Computer Repair and Maintenance
Everybody with a computer knows that moment of panic when the hard drive crashes -- and for businesspeople, it usually happens when they're staring into the eye of a deadline.
But if you're a computer physician capable of diagnosing virtual ills and then repairing them, you can take on the appearance of an angel of mercy as a computer repair specialist.
You'll drive out to clients' homes or offices with your briefcase of tools and equipment and heal those sickly computers and printers. You can also earn tidy revenues with preventive maintenance -- dusting or vacuuming innards and cleaning disk drives on a quarterly or semiannual basis.
The advantages to this business are that it's recession-proof -- businesses need computers to operate, and home-computer buffs can't live without their virtual pals, either. And since the computer industry is one of exponential growth, peripheral industries like computer maintenance and repair are here to stay. As a final plus, this business is satisfying -- people are always appreciative when you bring an acutely ill hard drive or printer back to health.
You'll need to have the knowledge and skills of a good computer physician, including how to change motherboards, repair and replace hard drives, and add memory chips. And you should have a good computer-side manner so you can soothe panicky owners and tactfully instill the benefits of good preventive maintenance.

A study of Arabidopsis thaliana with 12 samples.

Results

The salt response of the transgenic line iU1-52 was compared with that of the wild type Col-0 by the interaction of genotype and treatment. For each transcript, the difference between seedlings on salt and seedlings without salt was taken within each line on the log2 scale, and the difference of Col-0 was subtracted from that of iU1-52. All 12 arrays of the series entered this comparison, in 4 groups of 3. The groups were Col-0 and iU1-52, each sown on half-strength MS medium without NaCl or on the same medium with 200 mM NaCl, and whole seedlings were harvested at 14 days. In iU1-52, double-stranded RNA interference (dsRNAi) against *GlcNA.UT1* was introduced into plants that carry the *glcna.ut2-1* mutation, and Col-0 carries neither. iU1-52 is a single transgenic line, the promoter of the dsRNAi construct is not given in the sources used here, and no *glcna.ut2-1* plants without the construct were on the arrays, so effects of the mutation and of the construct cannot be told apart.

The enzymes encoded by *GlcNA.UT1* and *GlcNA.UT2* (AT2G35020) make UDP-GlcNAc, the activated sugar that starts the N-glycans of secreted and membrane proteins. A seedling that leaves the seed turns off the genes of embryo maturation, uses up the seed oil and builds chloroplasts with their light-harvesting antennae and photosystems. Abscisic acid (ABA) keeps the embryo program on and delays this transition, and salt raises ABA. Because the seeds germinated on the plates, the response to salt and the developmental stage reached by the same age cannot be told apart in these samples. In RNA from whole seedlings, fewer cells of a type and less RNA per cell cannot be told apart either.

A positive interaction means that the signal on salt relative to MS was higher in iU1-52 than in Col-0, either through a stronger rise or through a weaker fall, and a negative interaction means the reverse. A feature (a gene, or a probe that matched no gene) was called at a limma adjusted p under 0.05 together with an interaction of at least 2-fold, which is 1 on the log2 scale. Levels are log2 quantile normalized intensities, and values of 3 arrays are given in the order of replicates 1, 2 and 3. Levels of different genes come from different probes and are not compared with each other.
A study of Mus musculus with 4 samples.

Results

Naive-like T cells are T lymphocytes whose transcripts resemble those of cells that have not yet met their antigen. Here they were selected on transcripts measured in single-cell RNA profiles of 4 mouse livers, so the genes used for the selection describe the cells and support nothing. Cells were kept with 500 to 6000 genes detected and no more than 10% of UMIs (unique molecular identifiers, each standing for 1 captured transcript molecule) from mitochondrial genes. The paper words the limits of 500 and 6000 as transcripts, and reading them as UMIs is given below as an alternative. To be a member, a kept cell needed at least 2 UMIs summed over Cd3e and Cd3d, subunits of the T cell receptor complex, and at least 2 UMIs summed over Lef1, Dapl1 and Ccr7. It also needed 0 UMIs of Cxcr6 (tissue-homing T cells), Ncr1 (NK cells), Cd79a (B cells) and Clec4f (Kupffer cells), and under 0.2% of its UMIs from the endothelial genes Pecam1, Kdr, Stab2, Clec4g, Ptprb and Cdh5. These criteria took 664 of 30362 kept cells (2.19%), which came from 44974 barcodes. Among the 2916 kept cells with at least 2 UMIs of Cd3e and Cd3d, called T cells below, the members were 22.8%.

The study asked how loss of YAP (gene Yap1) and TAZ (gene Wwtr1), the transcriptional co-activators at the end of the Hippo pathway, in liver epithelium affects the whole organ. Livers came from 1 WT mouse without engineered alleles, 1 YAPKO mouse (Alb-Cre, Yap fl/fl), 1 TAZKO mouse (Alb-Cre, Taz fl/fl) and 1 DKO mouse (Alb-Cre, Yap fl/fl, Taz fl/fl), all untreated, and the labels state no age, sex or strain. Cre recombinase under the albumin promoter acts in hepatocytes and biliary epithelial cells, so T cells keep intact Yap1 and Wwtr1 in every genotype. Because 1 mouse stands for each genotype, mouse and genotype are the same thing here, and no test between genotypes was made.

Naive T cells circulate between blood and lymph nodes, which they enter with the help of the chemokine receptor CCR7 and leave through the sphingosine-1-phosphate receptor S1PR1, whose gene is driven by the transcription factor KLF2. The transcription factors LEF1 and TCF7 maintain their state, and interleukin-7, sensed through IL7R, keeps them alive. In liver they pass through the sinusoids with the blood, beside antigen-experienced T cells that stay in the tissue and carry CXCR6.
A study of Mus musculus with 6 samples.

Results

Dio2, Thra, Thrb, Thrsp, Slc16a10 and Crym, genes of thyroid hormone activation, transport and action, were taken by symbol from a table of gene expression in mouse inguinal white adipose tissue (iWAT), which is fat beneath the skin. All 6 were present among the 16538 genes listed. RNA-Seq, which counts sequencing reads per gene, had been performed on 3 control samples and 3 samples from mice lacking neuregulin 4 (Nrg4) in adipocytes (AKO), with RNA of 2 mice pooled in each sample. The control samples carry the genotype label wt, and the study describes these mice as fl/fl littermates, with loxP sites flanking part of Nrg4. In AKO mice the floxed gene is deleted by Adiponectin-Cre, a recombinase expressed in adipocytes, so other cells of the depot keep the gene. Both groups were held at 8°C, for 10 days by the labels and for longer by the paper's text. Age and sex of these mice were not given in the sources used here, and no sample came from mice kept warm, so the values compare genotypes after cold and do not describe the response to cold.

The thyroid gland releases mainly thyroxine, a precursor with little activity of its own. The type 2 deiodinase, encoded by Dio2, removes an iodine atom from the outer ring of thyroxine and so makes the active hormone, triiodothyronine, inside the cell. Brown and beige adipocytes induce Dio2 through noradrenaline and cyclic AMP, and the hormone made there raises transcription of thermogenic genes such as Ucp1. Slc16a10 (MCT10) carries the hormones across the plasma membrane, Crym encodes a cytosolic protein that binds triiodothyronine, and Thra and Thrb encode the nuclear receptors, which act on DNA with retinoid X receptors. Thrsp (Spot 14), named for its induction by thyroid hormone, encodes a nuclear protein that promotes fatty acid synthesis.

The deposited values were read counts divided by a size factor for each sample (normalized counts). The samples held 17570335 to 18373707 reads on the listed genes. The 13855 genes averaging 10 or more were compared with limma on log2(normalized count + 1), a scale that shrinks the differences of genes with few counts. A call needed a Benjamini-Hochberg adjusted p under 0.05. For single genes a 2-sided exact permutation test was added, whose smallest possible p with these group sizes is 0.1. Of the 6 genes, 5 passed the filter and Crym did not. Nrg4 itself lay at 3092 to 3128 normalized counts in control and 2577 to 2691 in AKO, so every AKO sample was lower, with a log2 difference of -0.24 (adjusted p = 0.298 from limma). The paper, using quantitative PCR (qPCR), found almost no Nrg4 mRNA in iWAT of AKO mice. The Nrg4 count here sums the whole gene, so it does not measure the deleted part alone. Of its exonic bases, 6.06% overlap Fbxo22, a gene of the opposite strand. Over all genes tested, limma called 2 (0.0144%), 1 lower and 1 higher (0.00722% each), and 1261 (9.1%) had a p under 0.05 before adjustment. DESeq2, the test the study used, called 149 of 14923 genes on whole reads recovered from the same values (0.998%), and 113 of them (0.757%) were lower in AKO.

Your clients can be anybody with a computer, both businesses and individuals. Mail brochures, perhaps with a dentist-type appointment card to be filled in, to local businesses. Leave business cards and fliers with computer and software retailers. Place ads in the Yellow Pages and your local newspaper, and get yourself written up in the paper. Give talks on computer maintenance to professional and civic organizations and at local colleges and other adult-education centers.
You'll need a computer, an inkjet or laser printer, computer tinkering tools like screwdrivers and miniature vacuums, computer cleaning supplies, diagnostic software, commonly used parts and reference manuals. In some states, you'll need a license and a commercial shop to perform repairs; be sure to check with the business licensing department.